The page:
Another case in which a leader steps before the cameras after the tragedy.
Another case in which the leader's stature is enhanced as a result.
The latest example of such a leader is Richard Branson, responding to the tragic loss of life in a Virgin Galactic test flight last week. A sample:
I am writing this as we refuel on one of the most difficult trips I have ever had to make. I will be in Mojave soon to join the Virgin Galactic and Scaled Composite teams involved in the SpaceShipTwo flight test program. Mojave is also where I want to be – with the dedicated and hard-working people who are now in shock at this devastating loss.
And as a result, people are using this as a teaching moment to suggest how leaders should respond in the future.
Michele Lutz's first derived lesson?
Lutz goes on to explain what she means, but her explanation doesn't match her initial two-word statement.
Why not? Because often when we are truly human, we not only expose our greatest strengths, but also our weaknesses and our warts.
I've already talked about my favorite example of a leader who was honest - and human - and who received a ton of negative press as a result. BP's Tony Hayward was certainly human and honest when he said, "I want my life back," and I would probably have done the same. But that response, to put it mildly, wasn't popular.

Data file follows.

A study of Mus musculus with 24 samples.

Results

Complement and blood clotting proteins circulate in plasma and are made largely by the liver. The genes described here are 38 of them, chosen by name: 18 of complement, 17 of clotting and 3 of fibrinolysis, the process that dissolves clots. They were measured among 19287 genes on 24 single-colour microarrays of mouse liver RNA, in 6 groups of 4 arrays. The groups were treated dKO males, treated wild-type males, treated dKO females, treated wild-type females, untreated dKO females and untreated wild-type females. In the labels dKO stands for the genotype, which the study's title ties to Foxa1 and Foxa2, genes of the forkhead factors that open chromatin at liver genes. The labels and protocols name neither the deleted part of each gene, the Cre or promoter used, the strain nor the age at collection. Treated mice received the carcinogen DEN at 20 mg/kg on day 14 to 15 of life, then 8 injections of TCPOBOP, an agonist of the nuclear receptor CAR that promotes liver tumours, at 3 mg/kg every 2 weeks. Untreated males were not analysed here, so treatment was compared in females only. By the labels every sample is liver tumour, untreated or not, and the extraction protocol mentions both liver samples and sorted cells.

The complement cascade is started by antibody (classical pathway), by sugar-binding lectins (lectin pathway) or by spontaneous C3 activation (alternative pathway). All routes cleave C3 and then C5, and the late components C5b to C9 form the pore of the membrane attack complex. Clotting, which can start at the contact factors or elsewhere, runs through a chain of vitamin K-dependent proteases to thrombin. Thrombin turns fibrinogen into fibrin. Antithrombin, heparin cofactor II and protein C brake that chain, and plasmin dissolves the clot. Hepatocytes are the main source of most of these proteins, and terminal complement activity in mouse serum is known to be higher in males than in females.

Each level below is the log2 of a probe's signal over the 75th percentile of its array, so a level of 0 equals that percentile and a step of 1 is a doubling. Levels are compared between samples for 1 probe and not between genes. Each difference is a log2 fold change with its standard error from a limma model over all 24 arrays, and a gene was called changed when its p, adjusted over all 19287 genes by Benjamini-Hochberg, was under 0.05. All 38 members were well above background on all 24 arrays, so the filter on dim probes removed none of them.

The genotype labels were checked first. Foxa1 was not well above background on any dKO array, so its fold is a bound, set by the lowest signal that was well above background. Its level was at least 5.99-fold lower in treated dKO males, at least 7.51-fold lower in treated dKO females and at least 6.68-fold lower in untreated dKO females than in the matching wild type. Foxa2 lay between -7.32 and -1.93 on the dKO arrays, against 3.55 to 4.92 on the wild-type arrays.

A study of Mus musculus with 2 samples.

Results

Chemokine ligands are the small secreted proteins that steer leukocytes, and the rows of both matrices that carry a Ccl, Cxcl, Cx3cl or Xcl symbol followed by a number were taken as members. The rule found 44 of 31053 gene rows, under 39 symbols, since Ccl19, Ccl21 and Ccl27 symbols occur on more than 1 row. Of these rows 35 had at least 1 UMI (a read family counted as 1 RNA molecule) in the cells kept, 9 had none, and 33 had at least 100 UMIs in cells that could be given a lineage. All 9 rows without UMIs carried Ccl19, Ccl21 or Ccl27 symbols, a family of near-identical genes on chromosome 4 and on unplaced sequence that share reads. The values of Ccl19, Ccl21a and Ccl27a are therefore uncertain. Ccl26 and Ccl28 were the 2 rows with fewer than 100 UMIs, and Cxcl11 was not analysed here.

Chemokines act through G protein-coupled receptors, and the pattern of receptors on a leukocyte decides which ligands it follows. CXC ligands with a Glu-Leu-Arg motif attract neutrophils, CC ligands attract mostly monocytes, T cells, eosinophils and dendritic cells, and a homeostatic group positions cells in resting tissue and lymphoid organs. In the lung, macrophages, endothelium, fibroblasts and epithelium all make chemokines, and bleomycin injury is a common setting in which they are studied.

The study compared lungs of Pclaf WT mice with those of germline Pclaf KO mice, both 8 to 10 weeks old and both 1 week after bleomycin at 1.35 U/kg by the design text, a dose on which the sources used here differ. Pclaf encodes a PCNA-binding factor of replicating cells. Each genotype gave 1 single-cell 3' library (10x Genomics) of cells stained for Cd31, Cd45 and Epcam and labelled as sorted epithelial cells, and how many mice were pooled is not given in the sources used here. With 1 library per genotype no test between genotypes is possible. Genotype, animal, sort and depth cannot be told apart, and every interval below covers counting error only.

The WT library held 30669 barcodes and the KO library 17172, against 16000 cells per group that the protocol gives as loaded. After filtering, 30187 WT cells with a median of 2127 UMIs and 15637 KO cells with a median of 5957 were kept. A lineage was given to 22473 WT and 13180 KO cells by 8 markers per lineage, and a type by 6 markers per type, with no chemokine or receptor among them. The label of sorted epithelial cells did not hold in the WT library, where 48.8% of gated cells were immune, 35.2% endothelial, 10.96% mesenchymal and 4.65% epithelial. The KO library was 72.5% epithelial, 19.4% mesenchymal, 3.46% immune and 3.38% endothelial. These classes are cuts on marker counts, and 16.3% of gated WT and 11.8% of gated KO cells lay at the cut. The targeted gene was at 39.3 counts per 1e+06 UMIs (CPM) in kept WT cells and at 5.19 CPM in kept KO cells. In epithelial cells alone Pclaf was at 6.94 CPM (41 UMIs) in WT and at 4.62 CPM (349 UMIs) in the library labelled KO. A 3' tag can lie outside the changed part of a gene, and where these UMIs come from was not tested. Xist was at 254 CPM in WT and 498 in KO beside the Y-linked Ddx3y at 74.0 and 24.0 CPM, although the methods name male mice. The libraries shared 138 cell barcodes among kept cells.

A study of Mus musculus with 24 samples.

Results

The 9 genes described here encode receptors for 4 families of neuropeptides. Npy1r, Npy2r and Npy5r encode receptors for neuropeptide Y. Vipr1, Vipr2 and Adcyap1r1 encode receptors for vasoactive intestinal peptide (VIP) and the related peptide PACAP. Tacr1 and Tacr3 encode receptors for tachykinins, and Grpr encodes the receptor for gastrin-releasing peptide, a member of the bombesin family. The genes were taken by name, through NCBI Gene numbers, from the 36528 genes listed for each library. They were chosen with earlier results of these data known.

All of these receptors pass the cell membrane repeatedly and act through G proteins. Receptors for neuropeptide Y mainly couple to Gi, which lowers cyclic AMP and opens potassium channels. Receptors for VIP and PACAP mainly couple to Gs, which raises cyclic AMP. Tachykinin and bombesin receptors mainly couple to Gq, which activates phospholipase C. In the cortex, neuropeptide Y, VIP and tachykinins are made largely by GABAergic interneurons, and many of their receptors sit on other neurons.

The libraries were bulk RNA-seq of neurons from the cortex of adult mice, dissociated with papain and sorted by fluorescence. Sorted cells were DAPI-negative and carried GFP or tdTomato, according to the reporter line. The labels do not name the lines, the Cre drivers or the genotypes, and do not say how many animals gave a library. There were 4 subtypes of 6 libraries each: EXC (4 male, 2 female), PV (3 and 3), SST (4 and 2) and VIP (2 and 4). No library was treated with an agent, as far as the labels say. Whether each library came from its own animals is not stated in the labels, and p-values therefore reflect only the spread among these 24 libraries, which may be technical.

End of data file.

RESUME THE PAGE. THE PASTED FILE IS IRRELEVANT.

Another example was exhibited by someone who is usually in control in front of the cameras, Paul McCartney. It must be wonderful to be McCartney's publicist, since the man is gifted in staying on topic and saying the "right" thing.
With one notable exception.
When his long-time songwriting partner John Lennon was murdered, a shocked McCartney was questioned about it. When one looks at his human response, it doesn't seem "right."
It's a drag.
In this case, McCartney's brain was on overload, and he was unable to come up with the right thing to say. Decades later, even McCartney fans debate the topic.
It sounds like we don't want our leaders to be human, but to be superhuman.